Tongue Controls Wheelchair for Quadriplegicsi
X
December 19, 2013 5:34 PM
People paralyzed from the neck down are bound to a wheelchair. One of the biggest problems for them is controlling its movements. Now, scientists at the Georgia Institute of Technology in the United States have devised a system that allows quadriplegics to operate wheelchairs using their tongues. VOA's George Putic has the details.
George Putic
People paralyzed from the neck down are bound to a wheelchair. One of the biggest problems for them is controlling its movements. Now, scientists at the Georgia Institute of Technology in the United States have devised a system that allows quadriplegics to operate wheelchairs using their tongues.

The new device is so easy to operate that it opens many other possibilities for quadriplegics.

A tiny magnet is attached to a patient’s tongue so that each movement changes the magnetic field around her head. Sensors located in the headset register the changes and transmit them to a smartphone, where an app translates them to commands for the wheelchair’s motors.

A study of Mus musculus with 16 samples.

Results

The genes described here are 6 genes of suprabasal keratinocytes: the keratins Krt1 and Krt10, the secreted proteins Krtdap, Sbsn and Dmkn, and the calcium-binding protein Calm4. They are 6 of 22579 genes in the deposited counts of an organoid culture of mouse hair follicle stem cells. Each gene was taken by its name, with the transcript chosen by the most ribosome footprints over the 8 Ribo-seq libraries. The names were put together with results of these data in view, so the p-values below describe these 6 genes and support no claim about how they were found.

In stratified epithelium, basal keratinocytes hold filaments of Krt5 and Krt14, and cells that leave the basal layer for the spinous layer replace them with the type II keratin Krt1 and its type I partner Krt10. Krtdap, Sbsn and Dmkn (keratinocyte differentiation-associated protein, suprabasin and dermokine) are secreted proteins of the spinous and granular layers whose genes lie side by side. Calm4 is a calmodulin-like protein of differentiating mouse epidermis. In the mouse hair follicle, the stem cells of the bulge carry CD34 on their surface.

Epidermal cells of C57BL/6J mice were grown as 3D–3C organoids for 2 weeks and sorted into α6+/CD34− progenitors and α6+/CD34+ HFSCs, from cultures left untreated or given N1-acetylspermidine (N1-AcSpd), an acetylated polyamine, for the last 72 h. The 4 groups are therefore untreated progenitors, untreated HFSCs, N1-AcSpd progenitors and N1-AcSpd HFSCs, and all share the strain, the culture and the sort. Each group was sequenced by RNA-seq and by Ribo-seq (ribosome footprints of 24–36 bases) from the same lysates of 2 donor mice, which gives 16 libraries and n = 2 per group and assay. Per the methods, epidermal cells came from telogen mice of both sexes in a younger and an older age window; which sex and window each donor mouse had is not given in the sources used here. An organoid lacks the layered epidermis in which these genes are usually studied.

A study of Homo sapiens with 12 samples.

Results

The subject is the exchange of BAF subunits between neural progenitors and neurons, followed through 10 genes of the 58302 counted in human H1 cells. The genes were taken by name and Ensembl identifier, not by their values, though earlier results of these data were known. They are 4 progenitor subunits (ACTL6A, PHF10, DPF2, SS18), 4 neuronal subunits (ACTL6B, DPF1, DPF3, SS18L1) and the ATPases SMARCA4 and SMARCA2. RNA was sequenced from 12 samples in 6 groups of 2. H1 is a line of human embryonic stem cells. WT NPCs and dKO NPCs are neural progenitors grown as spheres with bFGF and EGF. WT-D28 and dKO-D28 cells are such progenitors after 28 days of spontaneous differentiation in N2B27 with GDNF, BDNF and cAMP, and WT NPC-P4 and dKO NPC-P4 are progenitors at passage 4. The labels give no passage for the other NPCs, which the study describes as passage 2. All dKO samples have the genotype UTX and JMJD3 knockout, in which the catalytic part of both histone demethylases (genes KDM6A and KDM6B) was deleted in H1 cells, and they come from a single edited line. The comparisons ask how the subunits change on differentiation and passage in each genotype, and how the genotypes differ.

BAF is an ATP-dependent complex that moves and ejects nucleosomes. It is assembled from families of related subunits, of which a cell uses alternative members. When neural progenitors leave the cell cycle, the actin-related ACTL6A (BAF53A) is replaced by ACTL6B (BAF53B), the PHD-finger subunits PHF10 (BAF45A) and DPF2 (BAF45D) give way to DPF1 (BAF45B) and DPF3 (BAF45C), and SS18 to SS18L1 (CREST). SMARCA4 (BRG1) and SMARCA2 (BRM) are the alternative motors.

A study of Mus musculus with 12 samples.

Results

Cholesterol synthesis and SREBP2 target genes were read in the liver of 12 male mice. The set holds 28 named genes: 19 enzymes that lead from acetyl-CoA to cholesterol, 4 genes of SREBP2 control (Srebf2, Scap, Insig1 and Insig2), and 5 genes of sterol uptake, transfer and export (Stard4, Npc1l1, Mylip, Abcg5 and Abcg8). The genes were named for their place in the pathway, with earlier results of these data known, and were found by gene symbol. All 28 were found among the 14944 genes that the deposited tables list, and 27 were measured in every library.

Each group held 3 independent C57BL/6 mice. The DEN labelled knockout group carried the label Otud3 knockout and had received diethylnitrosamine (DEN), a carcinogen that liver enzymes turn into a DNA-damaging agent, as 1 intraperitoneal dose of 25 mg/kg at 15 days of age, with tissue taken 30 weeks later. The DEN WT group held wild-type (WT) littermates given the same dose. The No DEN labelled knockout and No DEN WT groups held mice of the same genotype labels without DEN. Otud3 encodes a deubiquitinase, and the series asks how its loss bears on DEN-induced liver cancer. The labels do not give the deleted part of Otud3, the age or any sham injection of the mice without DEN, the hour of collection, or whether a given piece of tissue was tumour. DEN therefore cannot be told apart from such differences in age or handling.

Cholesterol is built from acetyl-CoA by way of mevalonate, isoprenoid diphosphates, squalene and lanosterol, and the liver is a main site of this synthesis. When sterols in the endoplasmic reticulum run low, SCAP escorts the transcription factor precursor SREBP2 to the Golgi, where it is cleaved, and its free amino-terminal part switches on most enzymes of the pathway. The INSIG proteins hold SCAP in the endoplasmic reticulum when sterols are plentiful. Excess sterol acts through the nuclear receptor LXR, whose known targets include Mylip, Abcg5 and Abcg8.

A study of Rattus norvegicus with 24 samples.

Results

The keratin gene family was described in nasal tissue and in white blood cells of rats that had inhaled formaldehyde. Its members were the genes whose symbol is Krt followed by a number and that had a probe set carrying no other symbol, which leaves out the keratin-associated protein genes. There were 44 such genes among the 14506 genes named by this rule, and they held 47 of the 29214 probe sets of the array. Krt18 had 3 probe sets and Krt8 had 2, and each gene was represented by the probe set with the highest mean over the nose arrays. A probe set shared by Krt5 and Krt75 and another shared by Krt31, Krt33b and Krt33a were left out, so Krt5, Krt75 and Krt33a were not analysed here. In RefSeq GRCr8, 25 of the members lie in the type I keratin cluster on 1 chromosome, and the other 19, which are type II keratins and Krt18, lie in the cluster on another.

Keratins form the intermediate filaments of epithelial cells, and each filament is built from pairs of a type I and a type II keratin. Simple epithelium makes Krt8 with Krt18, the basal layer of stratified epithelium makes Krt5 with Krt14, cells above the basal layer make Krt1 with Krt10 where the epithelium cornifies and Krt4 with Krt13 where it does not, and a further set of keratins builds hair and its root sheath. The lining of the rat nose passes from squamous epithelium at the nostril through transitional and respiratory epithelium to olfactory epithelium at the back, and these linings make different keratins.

As the patient gently moves her tongue, the wheelchair starts rolling and changes direction, said the inventor of the tongue drive, Maysam Ghovanloo, associate professor of electrical engineering at Georgia Institute of Technology.

"The tongue not only has sensory inputs to the brain, but it also has a very good motor capability, so why not use the tongue as an output of the brain," said Ghovanloo.

Ghovanloo said his invention is more useful for quadriplegics than voice commands, because their voices may be very weak. Other systems, allowing control with electrical signals from the brain, are still in development and require intense concentration. Ghovanloo said his patients were able to master the tongue drive in a few hours. His team now is developing it for controlling almost anything.

"And the target device could be your wheelchair, could be your computer, could be your flat-screen TV, air conditioning system, you name it, because the rest of the technology is already in place," he said.

The Georgia Tech team also is trying to place the magnetic sensors into a dental retainer, getting rid of the headset.

Professor Ghovanloo said his device could be available for purchase within a few years.